Feb 02, 2023


The Centers for Disease Control and Prevention (CDC) issued a health alert Wednesday warning people to stop using eye drops that have been linked to an outbreak of drug-resistant infections. The outbreak has impacted at least 55 people in 12 states. One death has been reported as of press time.

“Most patients reported using artificial tears. Patients reported more than 10 different brands of artificial tears, and some patients used multiple brands. The majority of patients who used artificial tears reported using EzriCare Artificial Tears, a preservative-free, over-the-counter product packaged in multidose bottles,” the CDC said in its health alert. “CDC laboratory testing identified the presence of the outbreak strain in opened EzriCare bottles with different lot numbers collected from two states.”

In a Wednesday statement, EzriCare said it was “not aware of any testing that definitively links the… outbreak to EzriCare Artificial Tears.” However, the company added it “immediately took action to stop any further distribution or sale of EzriCare Artificial Tears.”

“To the greatest extent possible, we have been contacting customers to advise them against continued use of the product,” EzriCare said in the statement. “We also immediately reached out to both CDC and FDA and indicated our willingness to cooperate with any requests they may have of us.”

The eye drop-related drug-resistant infection outbreak the CDC is warning about is just the latest example of what health experts call antimicrobial resistance (AMR). AMR can develop when bacteria, viruses, fungi and parasites no longer respond to medicines used to treat them.

A 2022 study published in the Lancet found roughly 4.95 million deaths were associated with AMR. At least 1.27 million people died as a direct result of drug-resistant bacterial infections.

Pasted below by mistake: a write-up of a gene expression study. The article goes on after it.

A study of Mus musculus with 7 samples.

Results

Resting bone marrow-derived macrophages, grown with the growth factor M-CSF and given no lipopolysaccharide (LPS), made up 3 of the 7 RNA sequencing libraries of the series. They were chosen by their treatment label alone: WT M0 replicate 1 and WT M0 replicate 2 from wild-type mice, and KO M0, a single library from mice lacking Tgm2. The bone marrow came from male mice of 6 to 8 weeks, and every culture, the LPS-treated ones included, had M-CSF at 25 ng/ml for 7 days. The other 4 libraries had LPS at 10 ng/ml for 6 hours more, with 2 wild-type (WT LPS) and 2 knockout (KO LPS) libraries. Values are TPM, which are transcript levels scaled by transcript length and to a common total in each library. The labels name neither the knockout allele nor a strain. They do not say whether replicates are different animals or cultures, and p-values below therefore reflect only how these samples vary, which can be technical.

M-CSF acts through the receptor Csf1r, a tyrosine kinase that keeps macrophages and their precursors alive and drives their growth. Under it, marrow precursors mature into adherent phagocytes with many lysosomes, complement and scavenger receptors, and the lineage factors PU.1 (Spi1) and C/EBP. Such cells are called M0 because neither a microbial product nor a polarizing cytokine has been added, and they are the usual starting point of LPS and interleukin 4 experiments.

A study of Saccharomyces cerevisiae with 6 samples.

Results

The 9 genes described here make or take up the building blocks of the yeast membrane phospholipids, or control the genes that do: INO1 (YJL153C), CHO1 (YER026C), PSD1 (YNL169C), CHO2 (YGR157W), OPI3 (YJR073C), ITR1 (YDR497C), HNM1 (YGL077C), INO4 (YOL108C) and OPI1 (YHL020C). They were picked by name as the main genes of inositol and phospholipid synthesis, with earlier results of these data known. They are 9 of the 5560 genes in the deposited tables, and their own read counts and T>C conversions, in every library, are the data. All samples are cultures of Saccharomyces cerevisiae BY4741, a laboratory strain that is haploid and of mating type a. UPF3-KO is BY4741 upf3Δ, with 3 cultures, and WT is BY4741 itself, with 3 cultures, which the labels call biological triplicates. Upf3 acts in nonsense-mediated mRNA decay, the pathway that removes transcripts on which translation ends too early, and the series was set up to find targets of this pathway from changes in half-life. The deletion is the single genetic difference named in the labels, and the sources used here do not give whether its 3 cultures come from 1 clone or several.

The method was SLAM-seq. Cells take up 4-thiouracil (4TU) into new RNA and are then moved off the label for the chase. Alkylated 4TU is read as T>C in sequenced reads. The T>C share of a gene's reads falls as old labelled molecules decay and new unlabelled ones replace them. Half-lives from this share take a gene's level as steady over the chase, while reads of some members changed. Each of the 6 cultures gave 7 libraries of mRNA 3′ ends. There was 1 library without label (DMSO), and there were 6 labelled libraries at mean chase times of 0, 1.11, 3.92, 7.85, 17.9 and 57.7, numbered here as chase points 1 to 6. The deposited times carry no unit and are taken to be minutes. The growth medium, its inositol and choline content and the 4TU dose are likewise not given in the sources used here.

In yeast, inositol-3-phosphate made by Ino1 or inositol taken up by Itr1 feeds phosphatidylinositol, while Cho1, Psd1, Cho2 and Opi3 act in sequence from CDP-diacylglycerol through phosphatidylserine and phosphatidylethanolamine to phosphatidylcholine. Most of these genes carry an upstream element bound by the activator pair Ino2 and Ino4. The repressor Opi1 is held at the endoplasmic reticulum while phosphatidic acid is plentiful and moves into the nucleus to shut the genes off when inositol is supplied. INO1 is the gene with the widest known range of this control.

“AMR is a leading cause of death around the world, with the highest burdens in low-resource settings,” authors of the study wrote. “Understanding the burden of AMR and the leading pathogen–drug combinations contributing to it is crucial to making informed and location-specific policy decisions, particularly about infection prevention and control programs, access to essential antibiotics, and research and development of new vaccines and antibiotics.”

The Associated Press and Scientific American contributed to this report.

But now — we’re seeing the infections medicine was made to treat — are evolving as well.
Last night — the C-D-C sent a health alert advising people to stop using ezri-care artificial tears.
The over-the-counter eye drops have been linked to an outbreak of drug-resistant infections.
So far — the outbreak has affected 55 people in 12 states — leaving one dead.
The outbreak is the latest example of what health experts call “Anti-microbial resistance” — or A-M-R.
It’s the term used to describe when things like bacteria — viruses — fungi and parasites no longer respond to medicines used to treat them.
A study published last year found that in 20-19 — nearly 5 million global deaths were associated with A-M-R.